Monday, 30 March 2009

Philippines eyeing $300M additional funds for railway project

North Railways needs $300m to get moving
Joyce Pangco Pañares

The National Economic and Development Authority is looking at increasing by $300 million the funding for the North Luzon Railways Corp. to pay the Chinese contractor that is building the rail project and end a year-long halt in operations.

Northrail president Edgardo Pamintuan said the approval of the Neda Board is “crucial” as the contractor, the China National Machinery and Equipment Corp. Group (CNMEG), has put on hold the resumption of the construction pending an increase in the project ceiling.

“Northrail will be happy if the Neda Board approves its application for an increased project ceiling because the project can now be implemented and completed at realistic current day prices. We were informed that the Neda Board will discuss it on Tuesday and that it is for their approval already,” Pamintuan said.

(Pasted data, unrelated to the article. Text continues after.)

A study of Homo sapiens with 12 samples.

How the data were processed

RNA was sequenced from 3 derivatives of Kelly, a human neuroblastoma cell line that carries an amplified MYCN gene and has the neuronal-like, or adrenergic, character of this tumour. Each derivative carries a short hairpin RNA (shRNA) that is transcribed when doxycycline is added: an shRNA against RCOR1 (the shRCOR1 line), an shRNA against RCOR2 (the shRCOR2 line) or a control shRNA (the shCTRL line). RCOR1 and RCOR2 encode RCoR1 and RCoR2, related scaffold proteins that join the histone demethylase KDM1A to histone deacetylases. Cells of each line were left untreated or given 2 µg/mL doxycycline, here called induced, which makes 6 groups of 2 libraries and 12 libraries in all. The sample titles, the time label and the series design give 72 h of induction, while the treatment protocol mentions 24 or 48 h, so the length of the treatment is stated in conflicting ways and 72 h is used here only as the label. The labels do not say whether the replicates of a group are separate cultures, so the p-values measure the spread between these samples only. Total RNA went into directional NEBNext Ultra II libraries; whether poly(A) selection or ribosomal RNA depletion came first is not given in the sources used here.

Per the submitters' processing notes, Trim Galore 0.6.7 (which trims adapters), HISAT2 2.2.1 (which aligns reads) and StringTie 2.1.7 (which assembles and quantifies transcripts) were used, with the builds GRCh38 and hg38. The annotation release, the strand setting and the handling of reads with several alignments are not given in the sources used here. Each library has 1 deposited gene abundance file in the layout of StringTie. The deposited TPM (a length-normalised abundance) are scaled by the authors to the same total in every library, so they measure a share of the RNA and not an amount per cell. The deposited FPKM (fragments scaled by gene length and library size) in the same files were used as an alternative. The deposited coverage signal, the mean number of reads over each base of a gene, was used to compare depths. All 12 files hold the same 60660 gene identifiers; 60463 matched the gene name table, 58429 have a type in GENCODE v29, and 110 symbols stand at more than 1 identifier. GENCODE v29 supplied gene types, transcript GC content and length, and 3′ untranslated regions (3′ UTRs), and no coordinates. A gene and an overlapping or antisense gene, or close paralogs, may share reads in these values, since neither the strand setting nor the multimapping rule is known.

“The Chinese contractor and its Filipino contractors are waiting for the approval before they fully deploy their resources on the project. That is how important the Neda Board approval is,” he added.

Pamintuan said the fresh funding, which will complete the $503-million first phase of the project, will cover inflationary costs, foreign exchange differences, and variations in the original scope of work.

The amount being asked by Northrail Corp. is almost the same as the $299 million being demanded by CNMEG but Pamintuan insisted that the figure was reached after the agency did due diligence on the cost adjustments.

In February last year, CNMEG unilaterally suspended work on the Northrail project that will connect Caloocan City to Malolos City in Bulacan and demanded an additional $299 million in the contract price.

Of the additional $299 million, almost two-thirds or $211 million was to cover foreign exchange losses, inflation and costs of the delay in construction while the remaining $88.63 million was due to variations in the original scope of work.

Previously, CNMEG also blamed the government for the construction delays, citing the slow relocation of the illegal settlers whose houses will be covered by the project.

Pamintuan said at least 18,000 families are still living along the Caloocan-Malolos-Clark route who have yet to be relocated.